In computing terms, proxies sit between you and the things you’re communicating with. The term is most often applied to a proxy server — a device between the web browser (Chrome, Firefox, Safari, Edge etc.) and the web server (Apache, Nginx, IIS etc.) where a page is located. The proxy server can modify requests and responses. For example, it can increase efficiency by caching regularly accessed assets and serving them to multiple users.

ES6 proxies sit between your code and an object. A proxy allows you to perform meta-programming operations such as intercepting a call to inspect or change an object’s property.

The following terminology is used in relation to ES6 proxies:

The original object the proxy will virtualize. This could be a JavaScript object such as the jQuery library or native objects such as arrays or even another proxies.

An object which implements the proxy’s behavior using…

Functions defined in the handler which provide access to the target when specific properties or methods are called.

It’s best explained with a simple example. We’ll create a target object named target which has three properties:

const target = {
  a: 1,
  b: 2,
  c: 3

We’ll now create a handler object which intercepts all get operations. This returns the target’s property when it’s available or 42 otherwise:

const handler = {
  get: function(target, name) {
    return (
      name in target ? target[name] : 42

We now create a new Proxy by passing the target and handler objects. Our code can interact with the proxy rather than accessing the target object directly:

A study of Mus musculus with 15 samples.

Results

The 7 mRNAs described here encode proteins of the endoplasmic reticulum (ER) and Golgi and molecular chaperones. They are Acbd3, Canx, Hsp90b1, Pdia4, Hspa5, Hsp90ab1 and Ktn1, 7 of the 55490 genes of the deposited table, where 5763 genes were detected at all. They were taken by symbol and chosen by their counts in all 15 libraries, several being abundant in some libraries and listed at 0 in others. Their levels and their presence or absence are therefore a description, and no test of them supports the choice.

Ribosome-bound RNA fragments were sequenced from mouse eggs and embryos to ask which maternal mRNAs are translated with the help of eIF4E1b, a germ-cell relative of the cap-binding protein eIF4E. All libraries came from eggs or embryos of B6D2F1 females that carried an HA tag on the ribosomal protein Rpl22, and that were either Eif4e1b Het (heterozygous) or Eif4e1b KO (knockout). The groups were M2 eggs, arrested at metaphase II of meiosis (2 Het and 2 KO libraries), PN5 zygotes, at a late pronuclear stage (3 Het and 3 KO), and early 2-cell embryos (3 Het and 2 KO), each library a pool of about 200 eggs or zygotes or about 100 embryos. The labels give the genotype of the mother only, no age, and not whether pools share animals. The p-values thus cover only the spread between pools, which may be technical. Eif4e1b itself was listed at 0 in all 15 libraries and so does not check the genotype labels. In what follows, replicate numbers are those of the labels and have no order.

const proxy = new Proxy(target, handler);

console.log(proxy.a);  // 1
console.log(proxy.b);  // 2
console.log(proxy.c);  // 3
console.log(proxy.meaningOfLife);  // 42

Let’s expand the proxy handler further so it only permits single-character properties from a to z to be set:

const handler = {
  get: function(target, name) {
    return (name in target ? target[name] : 42);

  set: function(target, prop, value) {
    if (prop.length == 1 && prop >= 'a' && prop <= 'z') {
      target[prop] = value;
      return true;
    else {
      throw new ReferenceError(prop + ' cannot be set');
      return false;

const proxy = new Proxy(target, handler);

proxy.a = 10;
proxy.b = 20;
proxy.ABC = 30;
// Exception: ReferenceError: ABC cannot be set

Proxy Trap Types

We’ve seen the get and set in action which are likely to be the most useful traps. However, there are several other trap types you can use to supplement proxy handler code:

  • construct(target, argList)
    Traps the creation of a new object with the new operator.
  • get(target, property)
    Traps Object.get() and must return the property’s value.
  • set(target, property, value)
    Traps Object.set() and must set the property value. Return true if successful. In strict mode, returning false will throw a TypeError exception.
  • deleteProperty(target, property)
    Traps a delete operation on an object’s property. Must return either true or false.
  • apply(target, thisArg, argList)
    Traps object function calls.
  • has(target, property)
    Traps in operators and must return either true or false.
  • ownKeys(target)
    Traps Object.getOwnPropertyNames() and must return an enumerable object.
  • getPrototypeOf(target)
    Traps Object.getPrototypeOf() and must return the prototype’s object or null.
  • setPrototypeOf(target, prototype)
    Traps Object.setPrototypeOf() to set the prototype object. No value is returned.
  • isExtensible(target)
    Traps Object.isExtensible() which determines whether an object can have new properties added. Must return either true or false.
  • preventExtensions(target)
    Traps Object.preventExtensions(), which prevents new properties from being added to an object. Must return either true or false.
  • getOwnPropertyDescriptor(target, property)
    Traps Object.getOwnPropertyDescriptor(), which returns undefined or a property descriptor object with attributes for value, writable, get, set, configurable and enumerable.
  • defineProperty(target, property, descriptor)
    Traps Object.defineProperty() which defines or modifies an object property. Must return true if the target property was successfully defined or false if not.